This post has been corrected. See the note at the bottom for details.
Is the Great Transgender Bathroom & Sports Team Scare of 2013 on the verge of petering out?
Last August, Gov.
"The School Success and Opportunity Act," the first of its kind in the nation, did not sit well with California's waning conservative Christian base, which has lately been in danger of becoming the political equivalent of the polar bear stranded on the ice floe.
As soon as Brown signed the bill, AB 1266, which is set to go into effect on Jan. 1, the right sprang back with Privacy for All Students, a coalition aimed at overturning the law, which they have dubbed the "Co-ed Bathroom Bill."
In the words of
(True enough; hard to imagine a kid choosing to be transgender.)
Over 90 days, using volunteer and paid signature gatherers, Privacy for All Students amassed about 620,000 signatures, 400,000 of them directly from churches, according to political consultant Frank Schubert, the Prop. 8 campaign brain who is handling this effort. Schubert is also the political director of the National Organization for Marriage, or NOM, which is also backing the effort.
Though the results won't be known until early next month, and possibly later, supporters on both sides have have been biting their nails, frequently checking the California Secretary of State's website for updates about whether enough valid signatures have been collected to get the referendum before voters.
About 505,000 of them — or a little over 80% — must be deemed valid. So far, the rate is hovering at about 76%.
But Schubert doesn't plan to give up without a fight. "I'm not predicting anything at this point," he told me. "We are going to fight for every signature."
Major contributors to his effort include the Pacific Justice Institute, the Calvary Chapel in Chino Hills and the Irvine-based Fieldstead & Co. But by far and away, the largest single contributor is Sean Fieler, a Princeton, N.J.-based hedge fund executive and major contributor to anti-gay marriage efforts, who has provided $200,000 of the nearly $500,000 raised by the group.
If the referendum does manage to qualify for the ballot, it will serve a dual purpose: challenging a law that many religious conservatives find odious, and lighting a fire under dispirited California Republicans who might be tempted to stay home next November.
California's religious conservatives have had a hard go of it lately — they were stung after their successful effort to outlaw gay marriage via Prop. 8 crumbled in the courts. They have to contend with a a Democratic supermajority in the Legislature. And now, adding insult to their injury, California has codified the notion that gender is not an immutable fact of biology.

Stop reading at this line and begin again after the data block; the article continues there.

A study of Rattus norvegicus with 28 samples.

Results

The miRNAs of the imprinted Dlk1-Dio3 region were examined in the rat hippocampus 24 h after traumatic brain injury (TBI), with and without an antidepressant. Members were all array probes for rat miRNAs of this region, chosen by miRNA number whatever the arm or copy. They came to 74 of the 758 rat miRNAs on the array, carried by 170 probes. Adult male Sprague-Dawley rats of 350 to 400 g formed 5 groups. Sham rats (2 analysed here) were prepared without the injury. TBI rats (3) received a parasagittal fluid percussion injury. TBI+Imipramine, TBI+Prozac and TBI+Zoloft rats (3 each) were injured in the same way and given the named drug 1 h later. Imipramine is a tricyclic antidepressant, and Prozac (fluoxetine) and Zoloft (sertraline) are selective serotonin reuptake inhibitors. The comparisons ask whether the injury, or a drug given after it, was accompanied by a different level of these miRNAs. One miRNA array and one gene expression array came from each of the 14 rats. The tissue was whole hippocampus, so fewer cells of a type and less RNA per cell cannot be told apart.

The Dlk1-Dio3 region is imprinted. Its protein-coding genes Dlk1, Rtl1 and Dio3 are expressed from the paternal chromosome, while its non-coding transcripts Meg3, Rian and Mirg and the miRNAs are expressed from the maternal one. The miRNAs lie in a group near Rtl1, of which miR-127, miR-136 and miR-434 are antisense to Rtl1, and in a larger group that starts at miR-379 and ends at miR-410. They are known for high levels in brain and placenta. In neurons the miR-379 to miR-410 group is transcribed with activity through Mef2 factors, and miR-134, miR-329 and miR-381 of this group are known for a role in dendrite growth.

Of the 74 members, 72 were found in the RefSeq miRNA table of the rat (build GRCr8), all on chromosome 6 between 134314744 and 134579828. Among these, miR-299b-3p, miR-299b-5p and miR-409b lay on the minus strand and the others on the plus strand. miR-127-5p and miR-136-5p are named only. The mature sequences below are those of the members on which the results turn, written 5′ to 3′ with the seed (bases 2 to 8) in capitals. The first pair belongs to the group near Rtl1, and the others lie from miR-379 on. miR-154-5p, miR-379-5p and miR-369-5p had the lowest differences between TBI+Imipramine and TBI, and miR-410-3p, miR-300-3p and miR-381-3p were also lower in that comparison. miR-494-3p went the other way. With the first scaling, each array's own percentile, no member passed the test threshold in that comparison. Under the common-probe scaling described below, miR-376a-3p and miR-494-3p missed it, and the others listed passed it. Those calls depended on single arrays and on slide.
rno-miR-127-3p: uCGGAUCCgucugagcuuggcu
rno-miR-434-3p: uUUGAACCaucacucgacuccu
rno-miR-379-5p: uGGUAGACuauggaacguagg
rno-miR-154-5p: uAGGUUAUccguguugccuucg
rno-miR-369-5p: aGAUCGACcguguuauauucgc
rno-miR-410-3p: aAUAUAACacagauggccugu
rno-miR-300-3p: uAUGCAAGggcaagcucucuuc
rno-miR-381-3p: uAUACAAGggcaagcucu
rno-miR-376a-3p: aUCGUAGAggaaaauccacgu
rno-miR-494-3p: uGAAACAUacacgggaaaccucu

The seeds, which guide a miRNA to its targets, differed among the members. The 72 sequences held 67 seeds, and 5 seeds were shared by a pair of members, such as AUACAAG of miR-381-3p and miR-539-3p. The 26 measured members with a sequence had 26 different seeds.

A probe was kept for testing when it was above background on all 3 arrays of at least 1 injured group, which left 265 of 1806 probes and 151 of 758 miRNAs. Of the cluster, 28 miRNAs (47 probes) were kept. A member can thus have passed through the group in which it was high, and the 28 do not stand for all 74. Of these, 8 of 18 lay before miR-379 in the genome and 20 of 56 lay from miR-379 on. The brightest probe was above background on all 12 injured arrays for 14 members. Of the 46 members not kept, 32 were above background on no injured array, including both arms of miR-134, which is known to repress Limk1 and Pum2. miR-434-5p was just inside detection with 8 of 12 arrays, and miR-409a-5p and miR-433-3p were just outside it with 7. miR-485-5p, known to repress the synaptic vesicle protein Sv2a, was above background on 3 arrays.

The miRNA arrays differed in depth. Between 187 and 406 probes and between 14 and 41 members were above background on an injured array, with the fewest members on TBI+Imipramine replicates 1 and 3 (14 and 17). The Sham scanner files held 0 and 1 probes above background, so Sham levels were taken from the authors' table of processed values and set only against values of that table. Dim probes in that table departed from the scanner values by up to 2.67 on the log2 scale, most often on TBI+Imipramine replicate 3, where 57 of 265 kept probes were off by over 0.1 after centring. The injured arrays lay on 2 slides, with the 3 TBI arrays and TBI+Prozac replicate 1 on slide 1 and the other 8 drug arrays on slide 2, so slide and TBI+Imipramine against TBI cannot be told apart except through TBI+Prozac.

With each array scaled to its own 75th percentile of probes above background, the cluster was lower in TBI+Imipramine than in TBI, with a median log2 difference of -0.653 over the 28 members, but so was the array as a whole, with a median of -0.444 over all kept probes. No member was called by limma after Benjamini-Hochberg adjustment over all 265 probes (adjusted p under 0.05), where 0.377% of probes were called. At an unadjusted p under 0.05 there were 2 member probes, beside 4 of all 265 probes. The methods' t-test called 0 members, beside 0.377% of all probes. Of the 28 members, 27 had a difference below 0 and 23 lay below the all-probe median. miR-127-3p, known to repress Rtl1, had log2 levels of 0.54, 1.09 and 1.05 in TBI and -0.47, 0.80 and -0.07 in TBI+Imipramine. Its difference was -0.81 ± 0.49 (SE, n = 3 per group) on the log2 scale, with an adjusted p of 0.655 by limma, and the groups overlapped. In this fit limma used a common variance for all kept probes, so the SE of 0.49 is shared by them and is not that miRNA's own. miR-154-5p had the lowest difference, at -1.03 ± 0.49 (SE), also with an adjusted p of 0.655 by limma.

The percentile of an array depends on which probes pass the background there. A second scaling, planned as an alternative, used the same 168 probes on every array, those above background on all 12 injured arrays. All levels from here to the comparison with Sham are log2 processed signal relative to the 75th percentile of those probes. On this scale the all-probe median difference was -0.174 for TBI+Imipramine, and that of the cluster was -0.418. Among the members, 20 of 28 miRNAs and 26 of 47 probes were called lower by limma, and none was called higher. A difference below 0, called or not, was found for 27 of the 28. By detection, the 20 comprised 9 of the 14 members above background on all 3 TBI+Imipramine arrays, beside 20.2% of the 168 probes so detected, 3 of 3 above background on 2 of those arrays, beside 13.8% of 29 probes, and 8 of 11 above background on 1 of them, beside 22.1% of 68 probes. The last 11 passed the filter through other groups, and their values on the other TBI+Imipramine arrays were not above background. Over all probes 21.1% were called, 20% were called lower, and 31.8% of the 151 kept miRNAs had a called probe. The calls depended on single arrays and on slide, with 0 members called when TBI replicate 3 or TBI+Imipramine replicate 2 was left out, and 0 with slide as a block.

"All of this is damaging to society," Schubert said. "They are using those children to advance an agenda to strip society of all gender norms and to move down a path where men and women are considered to be interchangeable, where gender is an irrelevant fact, something that's fungible and flexible."
I turned to John O'Connor, executive director of Equality California, the LGBT civil rights group, and demanded to know whether he is working to damage society by stripping out all gender norms.
"No," he replied dryly.
That's what I figured. My guess is we'll have a genderless society right after we have a color-blind society, i.e. never.
In any case, O'Connor said, "They need a bogeyman. Like gay marriage — 'It's going to ruin traditional marriage and be the downfall of society.' Just switch out the words. 'Full inclusion of transgender people is going to ruin gender normality for everyone.' It's fear mongering."
Among the fears: That boys pretending to be girls will dominate female sports teams. That boys will be able to sneak peeks of girls in school bathrooms.
Judy Chiasson, coordinator of the LAUSD's Office of Human Relations, Diversity and Equity, says such things simply do not happen. The L.A. district has had a policy similar to the state law for years, she said.
"Since 2005, I have not had a single instance of somebody pretending to be transgender so they could have, during fifth period only, access to a restroom," Chiasson said. "We have had such positive experiences. We really have."
Regardless of how you feel, you have to admire the creativity, or perhaps disingenuousness, of the arguments being marshalled by those who oppose the law.
Take the issue of bullying, a major concern for transgender and gay students: "Seems to me it would be a cruel joke to tell a gender confused child who is being bullied that the solution to his problems is to go use the girls' bathroom," Schubert said. "That would result in more bullying, not less."
Other conservatives have argued that helping transgender students navigate our sex-segregated world would somehow diminish the rights of "normal" kids.
"If the law stands, you can expect that children who balk at welcoming an opposite-sex child into the locker room or bathroom will be reprimanded and singled out for being hurtful and transgender-phobic," wrote columnist Rebecca Hagelin on the website Townhall. "The normal kids will be 'the problem.'"
If the referendum does not qualify for the ballot this time around, Schubert told me, his group will consider launching an initiative campaign.
But activists like O'Connor think it's too late: "We've been through Prop. 8, which the state celebrated when it went down. We don't want to do this again. This is simply at odds with what California stands for."
I think O'Connor is right. In California, the battle over LGBT civil rights is basically over.
Some folks just haven't figured that out yet.
[For the record, 5:35 p.m. Dec. 10]An earlier version of this post incorrectly referred to the LAUSD's Office of Human Relationships, Diversity and Equity. It is the LAUSD's Office of Human Relations, Diversity and Equity.]